Virus isolation in cell culture is the gold standard of testing for BVD virus. Viral antigen is then identified immunohistochemically. BVD virus, in principle, grows in a number of animal cells, although in diagnostic procedures it is mainly three cell lines that are used: BT- (bovine turbinate cells) Btest- (bovine testicle cells) and MDBK (Madin Darby bovine kidney cells). It is not possible to differentiate between acute and persistent infection after a single isolation. Virus isolation is time consuming and quite expensive and therefore not suitable for routine diagnostics. Preferentially, these days it is replaced by other methods.


Sample material

Suitable as samples are blood (EDTA or heparin blood) of live animals, or lymphatic organs (Peyer’s patches, mesenterial lymph nodes and thymus) of dead animals [87]. PI animals harbour such large quantities of virus that practically any secretion, excretion or tissue is suitable for virus isolation [88]. Different from its behaviour in cell culture medium, BVDV is fairly stable in diagnostic samples. The latter are sent to the lab cooled or frozen (after prior confirmation by telephone).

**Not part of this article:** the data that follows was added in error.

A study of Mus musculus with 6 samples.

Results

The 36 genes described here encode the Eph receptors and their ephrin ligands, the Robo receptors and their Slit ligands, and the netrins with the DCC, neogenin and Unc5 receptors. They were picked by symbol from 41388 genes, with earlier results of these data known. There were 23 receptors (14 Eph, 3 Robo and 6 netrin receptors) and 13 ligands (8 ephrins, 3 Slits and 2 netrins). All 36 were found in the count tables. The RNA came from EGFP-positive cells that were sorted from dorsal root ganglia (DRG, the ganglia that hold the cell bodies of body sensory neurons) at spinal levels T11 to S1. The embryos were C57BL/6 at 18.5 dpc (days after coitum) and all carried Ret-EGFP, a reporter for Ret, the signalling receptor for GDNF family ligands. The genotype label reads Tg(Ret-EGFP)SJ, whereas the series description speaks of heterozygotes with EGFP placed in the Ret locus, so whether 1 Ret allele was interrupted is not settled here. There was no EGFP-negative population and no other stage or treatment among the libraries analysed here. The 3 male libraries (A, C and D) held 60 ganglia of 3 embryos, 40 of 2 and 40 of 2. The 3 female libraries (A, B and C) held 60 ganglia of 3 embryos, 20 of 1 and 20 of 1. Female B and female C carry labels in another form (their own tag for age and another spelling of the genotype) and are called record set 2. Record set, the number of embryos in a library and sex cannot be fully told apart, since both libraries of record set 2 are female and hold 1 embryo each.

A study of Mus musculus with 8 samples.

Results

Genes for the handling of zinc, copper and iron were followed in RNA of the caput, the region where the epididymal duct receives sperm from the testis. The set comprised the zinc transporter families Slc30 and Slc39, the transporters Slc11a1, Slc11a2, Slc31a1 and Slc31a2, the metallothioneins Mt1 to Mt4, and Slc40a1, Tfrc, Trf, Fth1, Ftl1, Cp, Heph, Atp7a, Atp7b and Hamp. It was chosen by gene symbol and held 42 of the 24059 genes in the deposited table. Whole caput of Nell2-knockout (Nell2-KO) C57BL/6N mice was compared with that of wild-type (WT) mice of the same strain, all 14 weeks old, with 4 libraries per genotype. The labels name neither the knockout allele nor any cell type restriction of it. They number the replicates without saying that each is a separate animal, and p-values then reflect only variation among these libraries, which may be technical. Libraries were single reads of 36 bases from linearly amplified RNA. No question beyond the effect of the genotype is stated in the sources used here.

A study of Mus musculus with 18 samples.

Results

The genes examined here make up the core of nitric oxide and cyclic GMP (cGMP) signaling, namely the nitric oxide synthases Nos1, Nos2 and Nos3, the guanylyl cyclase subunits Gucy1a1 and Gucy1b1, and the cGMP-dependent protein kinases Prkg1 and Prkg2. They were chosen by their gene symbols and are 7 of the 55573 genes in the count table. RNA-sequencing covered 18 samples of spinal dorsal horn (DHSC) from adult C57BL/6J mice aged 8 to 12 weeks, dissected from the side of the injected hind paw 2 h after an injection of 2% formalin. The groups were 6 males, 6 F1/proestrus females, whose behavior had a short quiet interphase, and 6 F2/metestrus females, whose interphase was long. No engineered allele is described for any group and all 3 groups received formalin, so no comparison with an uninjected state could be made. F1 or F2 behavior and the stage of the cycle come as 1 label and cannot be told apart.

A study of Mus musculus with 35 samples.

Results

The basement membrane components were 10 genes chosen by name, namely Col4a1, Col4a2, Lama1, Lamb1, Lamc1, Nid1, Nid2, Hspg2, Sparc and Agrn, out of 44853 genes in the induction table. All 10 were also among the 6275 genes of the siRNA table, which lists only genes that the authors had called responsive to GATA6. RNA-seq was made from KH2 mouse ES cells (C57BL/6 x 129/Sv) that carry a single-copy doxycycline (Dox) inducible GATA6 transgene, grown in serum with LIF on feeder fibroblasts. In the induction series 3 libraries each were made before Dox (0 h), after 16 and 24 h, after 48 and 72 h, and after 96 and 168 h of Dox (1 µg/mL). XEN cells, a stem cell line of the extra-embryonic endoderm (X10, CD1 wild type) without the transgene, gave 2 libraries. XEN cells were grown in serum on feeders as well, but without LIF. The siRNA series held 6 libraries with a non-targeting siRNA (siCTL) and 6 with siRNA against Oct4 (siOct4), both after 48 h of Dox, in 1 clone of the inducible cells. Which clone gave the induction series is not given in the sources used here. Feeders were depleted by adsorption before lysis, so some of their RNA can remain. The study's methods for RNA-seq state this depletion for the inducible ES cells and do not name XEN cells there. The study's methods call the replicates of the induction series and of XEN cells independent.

Cytopathic (cp) BVDV can be identified according to its destructive effect in cultured cells. Non-cytopathic BVDV (this is about 90% of all cases investigated in the lab) is made visible by fluorescent or enzyme-marked monoclonal or polyclonal antibodies.



Virus isolation is a sensitive method - it works essentially with one replication-competent virus. However, in the case of young animals of less than 3 months of age false negative results are possible, caused by the presence of maternal neutralizing antibodies. It is therefore sensible to use virus isolation only in the case of older animals (> 3 months) [89].